Sunday, May 24, 2009


kassi is the naturalist of the shorter omelay's. she is forever picking up flowers, animals and plants. finally after hundreds of requests for flora names tabitha made a link to missouri wildflower guide for kassi on the computer.

yesterday kassi picked a few flowers from the field and went inside. she came out proclaiming that she knew their name. tristan and kassi sat at the computer and researched the flowers successfully. it was one of those epiphany moments.

tristan, the technophile has known the wonders of the computer for years. kassi has always dwelled in the physical realm. i know that each child is obviously different. tristan taught himself how to read mostly attributed to starfall wherein kassi is learning to read in a much more standard fashion.

finally, kassi is excited about the computer. she sees that it can be a useful tool for her desires. i love it when one of my kids becomes empowered. i hope that this excitement sticks. there is nothing greater than having the ability to teach yourself at your own pace.


Ron said...

What a great thing it is when kids are so enthusiastic about learning. And that learning is retained so much better when it's something they are interested in and can do themselves.


sheila said...

What your kids are doing is true education. All that they learn in this fashion they will never forget. The spoon fed way teaching is done in public schools is worse than worthless. It damages a child by teaching them to be a passive learner. Schools force a child to sit and wait for the teacher to tell you what is important, AKA, what will be on the test. Teachers flatter themselves by thinking that without them children can't learn a thing. The reality is that children are born curious and you can't stop them from learning unless you bore them to death with regimented schooling. Keep doing what you are doing. Your children will thrive! I know this from experience. I'm a parent of 5 (now adults) and have a teaching degree.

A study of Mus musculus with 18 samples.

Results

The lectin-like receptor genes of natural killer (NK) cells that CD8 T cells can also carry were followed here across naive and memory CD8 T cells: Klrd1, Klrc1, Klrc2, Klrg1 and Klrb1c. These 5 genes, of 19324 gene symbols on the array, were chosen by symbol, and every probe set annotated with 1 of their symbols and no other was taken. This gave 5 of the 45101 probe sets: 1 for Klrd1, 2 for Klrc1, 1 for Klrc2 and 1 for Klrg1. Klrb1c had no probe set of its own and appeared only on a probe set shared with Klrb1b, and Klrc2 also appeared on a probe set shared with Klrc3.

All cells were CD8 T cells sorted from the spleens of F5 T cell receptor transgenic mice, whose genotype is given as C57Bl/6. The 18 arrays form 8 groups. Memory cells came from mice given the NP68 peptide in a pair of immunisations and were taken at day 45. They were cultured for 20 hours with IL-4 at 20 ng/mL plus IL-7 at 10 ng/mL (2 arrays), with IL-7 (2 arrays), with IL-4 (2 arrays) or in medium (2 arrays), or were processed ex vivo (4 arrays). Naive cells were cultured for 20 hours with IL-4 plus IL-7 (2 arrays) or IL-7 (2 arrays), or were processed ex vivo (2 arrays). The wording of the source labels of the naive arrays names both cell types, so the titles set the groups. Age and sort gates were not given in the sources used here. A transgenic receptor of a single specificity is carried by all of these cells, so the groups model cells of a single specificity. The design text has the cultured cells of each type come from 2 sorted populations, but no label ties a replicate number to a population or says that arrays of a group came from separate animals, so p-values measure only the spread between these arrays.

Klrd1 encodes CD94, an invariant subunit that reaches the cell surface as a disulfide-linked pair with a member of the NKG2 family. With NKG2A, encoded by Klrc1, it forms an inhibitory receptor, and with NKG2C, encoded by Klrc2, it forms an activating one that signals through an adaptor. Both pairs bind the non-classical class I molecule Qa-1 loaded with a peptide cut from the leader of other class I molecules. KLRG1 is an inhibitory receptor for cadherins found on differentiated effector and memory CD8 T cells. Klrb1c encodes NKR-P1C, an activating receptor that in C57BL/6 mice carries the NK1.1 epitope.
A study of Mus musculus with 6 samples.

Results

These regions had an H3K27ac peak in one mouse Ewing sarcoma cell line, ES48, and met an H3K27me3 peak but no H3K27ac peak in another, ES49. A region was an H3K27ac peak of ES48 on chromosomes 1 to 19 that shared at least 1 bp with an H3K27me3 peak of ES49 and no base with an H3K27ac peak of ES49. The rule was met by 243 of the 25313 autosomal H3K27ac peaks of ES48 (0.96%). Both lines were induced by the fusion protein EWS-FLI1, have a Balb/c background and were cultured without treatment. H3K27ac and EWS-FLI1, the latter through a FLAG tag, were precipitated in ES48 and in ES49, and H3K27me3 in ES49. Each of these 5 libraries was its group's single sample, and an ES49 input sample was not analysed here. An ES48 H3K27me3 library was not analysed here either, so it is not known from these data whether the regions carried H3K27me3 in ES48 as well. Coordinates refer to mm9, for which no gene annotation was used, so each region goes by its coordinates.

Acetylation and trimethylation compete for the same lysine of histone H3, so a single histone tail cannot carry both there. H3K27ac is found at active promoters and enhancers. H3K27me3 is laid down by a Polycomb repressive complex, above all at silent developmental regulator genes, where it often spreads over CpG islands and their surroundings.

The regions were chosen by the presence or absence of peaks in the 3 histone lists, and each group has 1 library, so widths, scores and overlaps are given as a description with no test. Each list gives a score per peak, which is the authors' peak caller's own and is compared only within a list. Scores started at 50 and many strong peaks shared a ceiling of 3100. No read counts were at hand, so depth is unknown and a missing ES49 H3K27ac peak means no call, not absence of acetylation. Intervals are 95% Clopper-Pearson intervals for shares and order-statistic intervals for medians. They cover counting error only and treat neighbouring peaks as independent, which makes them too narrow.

R. Sherman said...

Denison's Missouri Wildflowers (1998), available through the Department of Conservation, is an invaluable guide. I had the privilege of meeting Edgar when I was in high school and the pleasure of hiking around the woods in the spring and early summer looking for strange wildflowers and plants.

Good stuff.


syncbox said...

What a cool moment to have observed!

A couple of days ago, John was working on the generator in my new (old) motorhome and banging on the carburetor and other parts to knock loose a clog or whatever and little John was right in there doing the same and saying "Gawk" Gawk" over and over and it was so amazing to watch the attempt to do the same things and participate... I wished I had a camera to take video of it.

Learning through participation (ok, he's a bit young at 1 1/2 years!) or the way Kassi follows through to get the answers and the way Tristan shows her a way to find them is REAL learning. I agree whole-heartedly with Sheila on that... the same with knowing where your food comes from and all about life & death in animals AND plants.

It's such a good thing. But actually catching the key moments are a special reward... they can sometimes be missed in the hectic schedule of full days.

kentuckyagrarianwannabe said...

Karl, did the stone come from your site? The dry stack look is really nice.


karl said...

that rock was imported by a friend for one of his huge jobs. these were the left-overs that he gifted me.